Recently, progressive political commentator Kyle Kulinski, who runs the popular Secular Talks channel on YouTube, was roasted on Twitter for not recognizing farm fields from the air. Conservatives had a field day – pun intended – with Kulinski’s ignorance. The incident illustrates in a humorous way one of the most critical results from economics: Division of labor makes central planning impossible due to systemic ignorance.
By leftist standards, Kulinski is moderate. Nevertheless, he did support Sen. Bernie Sanders (I-VT) for president in 2016 and co-founded Justice Democrats, which is the organization that got Rep. Alexandra Ocasio-Cortez (D-NY) elected in 2018. Not surprisingly, he wants to expand the government, increase taxes, and further regulate the market.
On a recent flight, he tweeted a picture of gridded farm fields, commenting that “I have no idea how/ why it looks like this.”
This is land by the Colorado, Kansas border from a plane. Pretty cool. I have no idea how/ why it looks like this pic.twitter.com/QLi7T4ye9u
— Secular Talk (@KyleKulinski) November 2, 2019
His ignorance received many chiding comments about progressive urban elitists who are so culturally isolated that they cannot even recognize a farm from the air.
The criticism is somewhat unfair because no-one can know everything. The classic essay I, Pencil by the founder of Foundation for Economic Freedom, Leonard E. Read, made this point eloquently. In his parable, he shows that even something as simple as a pencil requires so much specialization and cooperation between millions of people across the globe that no single human being has the knowledge to make it.
This marvelous complexity is the result of the division of labor, specialization, and free trade. Even the smartest and most knowledgeable individuals in the world can only ever know a minuscule fraction of what the free market masters in aggregate.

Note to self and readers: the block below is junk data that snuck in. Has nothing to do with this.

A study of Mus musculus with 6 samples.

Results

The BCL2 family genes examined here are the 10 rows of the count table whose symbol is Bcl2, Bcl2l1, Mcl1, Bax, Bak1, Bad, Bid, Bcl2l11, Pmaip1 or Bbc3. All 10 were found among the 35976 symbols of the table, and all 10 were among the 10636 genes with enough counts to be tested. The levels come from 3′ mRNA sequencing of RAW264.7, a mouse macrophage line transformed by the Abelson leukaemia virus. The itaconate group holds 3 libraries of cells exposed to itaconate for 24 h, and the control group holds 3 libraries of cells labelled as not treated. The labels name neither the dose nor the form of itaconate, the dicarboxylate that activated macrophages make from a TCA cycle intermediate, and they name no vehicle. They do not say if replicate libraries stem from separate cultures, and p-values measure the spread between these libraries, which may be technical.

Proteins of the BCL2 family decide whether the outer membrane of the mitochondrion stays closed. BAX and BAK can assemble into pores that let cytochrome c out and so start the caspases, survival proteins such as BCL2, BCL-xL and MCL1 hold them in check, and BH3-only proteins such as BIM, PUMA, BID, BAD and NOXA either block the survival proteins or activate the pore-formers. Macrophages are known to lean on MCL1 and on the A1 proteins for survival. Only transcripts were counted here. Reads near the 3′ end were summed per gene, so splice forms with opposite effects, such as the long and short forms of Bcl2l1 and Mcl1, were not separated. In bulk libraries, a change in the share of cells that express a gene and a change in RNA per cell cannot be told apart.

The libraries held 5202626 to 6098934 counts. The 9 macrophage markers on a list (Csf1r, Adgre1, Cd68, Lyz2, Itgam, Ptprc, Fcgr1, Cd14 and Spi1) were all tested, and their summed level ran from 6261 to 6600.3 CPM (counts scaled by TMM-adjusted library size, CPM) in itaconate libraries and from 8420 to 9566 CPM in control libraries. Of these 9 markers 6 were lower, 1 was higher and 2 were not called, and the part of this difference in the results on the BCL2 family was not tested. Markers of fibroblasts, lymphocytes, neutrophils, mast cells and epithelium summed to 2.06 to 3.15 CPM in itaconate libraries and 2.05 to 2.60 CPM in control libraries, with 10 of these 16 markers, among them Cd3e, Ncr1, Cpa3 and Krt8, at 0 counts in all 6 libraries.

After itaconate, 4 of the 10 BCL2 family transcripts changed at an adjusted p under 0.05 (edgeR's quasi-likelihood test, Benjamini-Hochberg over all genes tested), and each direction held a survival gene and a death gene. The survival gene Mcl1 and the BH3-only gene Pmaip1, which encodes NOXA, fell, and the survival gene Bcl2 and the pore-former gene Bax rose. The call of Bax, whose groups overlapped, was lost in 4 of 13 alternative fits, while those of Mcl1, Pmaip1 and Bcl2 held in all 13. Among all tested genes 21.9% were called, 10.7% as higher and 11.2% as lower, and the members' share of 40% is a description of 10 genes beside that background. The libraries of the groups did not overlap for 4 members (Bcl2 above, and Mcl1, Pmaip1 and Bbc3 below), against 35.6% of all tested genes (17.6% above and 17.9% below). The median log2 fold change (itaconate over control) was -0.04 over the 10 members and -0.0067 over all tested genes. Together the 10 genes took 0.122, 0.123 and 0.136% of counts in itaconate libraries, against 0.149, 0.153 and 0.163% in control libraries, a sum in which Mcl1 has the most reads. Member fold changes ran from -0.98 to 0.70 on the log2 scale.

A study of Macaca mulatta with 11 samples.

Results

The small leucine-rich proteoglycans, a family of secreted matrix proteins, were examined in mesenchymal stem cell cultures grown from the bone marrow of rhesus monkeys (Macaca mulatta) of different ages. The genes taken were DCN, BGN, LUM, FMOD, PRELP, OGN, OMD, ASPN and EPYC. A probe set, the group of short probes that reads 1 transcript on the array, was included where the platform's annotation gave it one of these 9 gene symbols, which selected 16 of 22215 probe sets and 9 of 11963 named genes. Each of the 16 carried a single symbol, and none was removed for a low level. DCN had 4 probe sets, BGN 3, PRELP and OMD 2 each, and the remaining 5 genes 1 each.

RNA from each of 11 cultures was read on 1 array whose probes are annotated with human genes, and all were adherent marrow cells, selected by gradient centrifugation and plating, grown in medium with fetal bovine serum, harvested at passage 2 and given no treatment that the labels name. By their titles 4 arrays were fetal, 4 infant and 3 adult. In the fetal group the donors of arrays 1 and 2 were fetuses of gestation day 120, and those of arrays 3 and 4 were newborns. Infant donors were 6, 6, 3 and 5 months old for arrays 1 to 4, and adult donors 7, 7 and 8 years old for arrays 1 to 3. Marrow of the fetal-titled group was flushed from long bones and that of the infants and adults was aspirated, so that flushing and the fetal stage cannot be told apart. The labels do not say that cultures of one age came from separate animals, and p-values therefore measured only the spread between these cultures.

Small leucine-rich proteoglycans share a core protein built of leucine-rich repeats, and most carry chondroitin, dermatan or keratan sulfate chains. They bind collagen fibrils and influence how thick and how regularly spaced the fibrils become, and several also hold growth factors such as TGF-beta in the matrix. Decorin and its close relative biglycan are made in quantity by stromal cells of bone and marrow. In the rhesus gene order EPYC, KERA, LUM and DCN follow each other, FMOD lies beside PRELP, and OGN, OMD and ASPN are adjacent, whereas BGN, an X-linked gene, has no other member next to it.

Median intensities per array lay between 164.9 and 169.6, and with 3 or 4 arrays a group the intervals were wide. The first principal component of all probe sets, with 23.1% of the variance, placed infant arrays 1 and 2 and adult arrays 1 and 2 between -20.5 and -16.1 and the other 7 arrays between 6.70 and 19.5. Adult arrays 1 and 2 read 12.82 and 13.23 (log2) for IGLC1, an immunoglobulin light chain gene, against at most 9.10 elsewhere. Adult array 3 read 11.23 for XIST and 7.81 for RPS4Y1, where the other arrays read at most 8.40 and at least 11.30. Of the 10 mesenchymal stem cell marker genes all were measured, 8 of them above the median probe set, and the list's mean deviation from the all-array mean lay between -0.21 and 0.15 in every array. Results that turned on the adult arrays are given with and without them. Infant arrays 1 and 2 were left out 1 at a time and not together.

The giants of economics, such as Ludwig von Mises, proved the futility of central planning. Under communism, no market mechanism for calculating prices existed, and this resulted in the gross misallocation of resources. The self-organization of the free market does a superior job in coordinating the plans of billions of people across the planet.
Trying to micro-manage and regulate the market or pick winners and losers almost inevitably result in disaster. A recent example of this is the Solyndra scandal under President Barack Obama. His administration decided that solar power was the future and that Solyndra was the lodestar to lead us all to the glorious future. The company received a $535 million U.S. Department of Energy loan guarantee but filed for bankruptcy in 2011.
Feature, not a Bug
We can use Kulinski’s blunder to create a visual metaphor for this type of error. Imagine a central planner flying high above the economy, and when she looks down, she doesn’t even recognize basic facts about a business field, much like Kulinski didn’t recognize a farm field.
This ignorance is not a bug, but a feature of the free market. Division of labor and specialization allows us collectively to know and do far more than anyone of us can know individually. That is one of the salient features of capitalism.
Sadly, progressives have failed to acquire this fundamental lesson from Economics 101, and so they march on toward the dream of a perfectly planned and regulated economy, not realizing that they will only leave destruction and ruin in their wake.
Let us hope that the host of Secular Talks will learn from his blunder and acquire some humility about his ability to understand, predict, and control the economy.